Settlers of Catan may seem like a household name, but it is just one of the few exceptions to the many games of its kind that never escape European borders. Germany, the birthplace of Catan, is the foremost producer of creative board games in the world, but even its unique masterpieces fall under a greater term, one that most Americans have never heard, which is Eurogames. This genre of board games focuses on strategy rather than luck, and requires ingenuity from creators to be successful on a competitive market. But how do these minor publishers spread the word about their new games? Spiel. Spiel is the largest board game convention in the world, and is annually held in Essen, Germany. Its exhibitions range from established franchises like Catan to some games that push the boundaries of reasonable subject matter. An article published in September looking forward to the October convention details some exciting new releases.
“Treasure Island is an adventurous bluffing game where one player is Long John Silver, trying to mislead other pirates in their search for his treasure. Played in rounds, players question Long John Silver about the location of his treasure while they explore islands. The game ends when Long Silver Silver plans his final run to the booty himself!” (nerdsonearth)
Games like this Treasure Island resemble traditional ideas of how a board game works, considering that although one player occupies a unique role, that person still attempts to win and everyone is in direct competition. However, as with most Eurogames, no player can be eliminated before the game ends. This mirrors the German belief that board games should be a social experience, and thus no one should have to leave before the game’s conclusion, as in Monopoly or Risk. Also, the role of Long John Silver bluffing others creates a greater strategic element of figuring out how to outsmart one another.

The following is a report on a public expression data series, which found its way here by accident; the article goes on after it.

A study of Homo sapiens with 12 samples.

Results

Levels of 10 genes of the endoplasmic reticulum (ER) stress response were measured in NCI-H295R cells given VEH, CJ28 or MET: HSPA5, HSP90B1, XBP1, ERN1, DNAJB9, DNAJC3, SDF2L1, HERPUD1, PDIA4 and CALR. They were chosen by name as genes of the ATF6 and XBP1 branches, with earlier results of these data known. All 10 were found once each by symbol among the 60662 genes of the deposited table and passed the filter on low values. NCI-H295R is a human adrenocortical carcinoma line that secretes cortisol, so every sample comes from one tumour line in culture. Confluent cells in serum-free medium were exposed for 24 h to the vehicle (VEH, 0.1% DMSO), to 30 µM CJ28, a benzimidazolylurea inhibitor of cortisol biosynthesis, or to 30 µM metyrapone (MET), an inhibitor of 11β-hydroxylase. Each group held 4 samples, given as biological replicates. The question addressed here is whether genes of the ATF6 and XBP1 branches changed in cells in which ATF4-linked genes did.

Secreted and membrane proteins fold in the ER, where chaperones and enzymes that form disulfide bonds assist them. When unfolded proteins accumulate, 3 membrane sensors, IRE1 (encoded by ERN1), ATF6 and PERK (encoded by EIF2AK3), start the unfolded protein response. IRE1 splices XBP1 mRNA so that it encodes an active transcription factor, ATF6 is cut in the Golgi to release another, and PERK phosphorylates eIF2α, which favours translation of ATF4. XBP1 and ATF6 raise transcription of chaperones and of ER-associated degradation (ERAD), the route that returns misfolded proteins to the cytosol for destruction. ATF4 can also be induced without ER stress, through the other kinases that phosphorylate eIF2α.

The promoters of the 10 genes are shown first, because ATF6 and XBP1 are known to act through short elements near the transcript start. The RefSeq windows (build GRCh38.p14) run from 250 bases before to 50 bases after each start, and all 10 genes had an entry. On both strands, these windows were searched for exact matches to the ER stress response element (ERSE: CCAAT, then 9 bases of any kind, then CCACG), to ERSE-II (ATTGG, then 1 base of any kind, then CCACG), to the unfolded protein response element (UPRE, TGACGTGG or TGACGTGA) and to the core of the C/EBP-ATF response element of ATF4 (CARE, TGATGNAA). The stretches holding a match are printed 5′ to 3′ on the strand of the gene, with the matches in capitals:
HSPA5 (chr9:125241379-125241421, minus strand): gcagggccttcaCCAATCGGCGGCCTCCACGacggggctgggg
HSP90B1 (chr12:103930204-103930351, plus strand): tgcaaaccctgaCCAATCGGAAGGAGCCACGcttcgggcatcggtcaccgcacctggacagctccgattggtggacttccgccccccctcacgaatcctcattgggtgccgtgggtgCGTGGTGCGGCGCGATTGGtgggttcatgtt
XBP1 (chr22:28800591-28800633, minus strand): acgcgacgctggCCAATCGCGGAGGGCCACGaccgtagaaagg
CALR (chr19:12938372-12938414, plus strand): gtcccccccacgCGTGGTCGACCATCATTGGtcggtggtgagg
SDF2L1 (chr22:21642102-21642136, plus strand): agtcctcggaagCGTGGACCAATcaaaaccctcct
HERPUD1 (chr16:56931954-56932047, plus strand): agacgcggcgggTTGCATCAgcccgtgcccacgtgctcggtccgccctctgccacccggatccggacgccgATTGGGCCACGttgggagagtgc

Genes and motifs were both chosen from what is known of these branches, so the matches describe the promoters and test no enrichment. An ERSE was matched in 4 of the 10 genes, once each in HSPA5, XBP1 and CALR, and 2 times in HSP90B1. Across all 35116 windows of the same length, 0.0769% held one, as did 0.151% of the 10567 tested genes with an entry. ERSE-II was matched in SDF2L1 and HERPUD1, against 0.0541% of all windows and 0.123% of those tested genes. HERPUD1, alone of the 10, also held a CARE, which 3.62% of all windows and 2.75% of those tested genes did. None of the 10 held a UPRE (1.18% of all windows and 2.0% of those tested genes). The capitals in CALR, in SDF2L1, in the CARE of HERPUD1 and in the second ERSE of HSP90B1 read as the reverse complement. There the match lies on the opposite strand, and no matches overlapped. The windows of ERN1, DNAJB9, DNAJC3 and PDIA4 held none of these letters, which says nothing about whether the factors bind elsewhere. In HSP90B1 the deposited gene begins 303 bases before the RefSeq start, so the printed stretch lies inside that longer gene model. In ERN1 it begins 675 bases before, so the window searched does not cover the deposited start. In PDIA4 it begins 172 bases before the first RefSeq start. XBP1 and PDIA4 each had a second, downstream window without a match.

“Set at the end of the Carolingian Empire, circa 850 AD, Architects of the West Kingdom asks players to compete to impress their King by constructing various landmarks throughout his kingdom. Players collect raw materials, hire apprentices, and manage their workforce.” (nerdsonearth)
Architects of the West Kingdom illustrates another common aspect of Eurogames, their compelling backstory. This game has a historical element in its setting, and a believable motivation for competition that makes the game more interesting to play. The story still occupies a relatively normal storyline of players being in charge of armies of soldiers, or in this case workers. However, many games at Spiel do not follow such a typical thread.
“From the publisher: ‘Geothermal energy on [Iceland] allows you to cultivate the most unexpected fruits and vegetables—an oddity that no tourist would want to miss. You are not the only farmer in Reykholt who is looking to make a fortune out of this, however, so you better be quick! The tourist season in Reykholt is short, and there are more people coming every year. Making use of the right people and having the right vegetables at the right time in Reykholt will give you the advantage you need!'” (nerdsonearth)
Now that definitely would not go down well with an American audience. At least not in the current state of board games, which is still vastly a limited number of mainstream classics, apart from the isolated geeks that explore Eurogames and similar small-market productions. I find this game about growing vegetables in Iceland a perfect representation of how much more creative Spiel allows its creators to be. The fact that a huge audience could potentially buy and play such an odd game is really impressive, and enough to make me consider that maybe one day I’ll stop by Germany to have a look.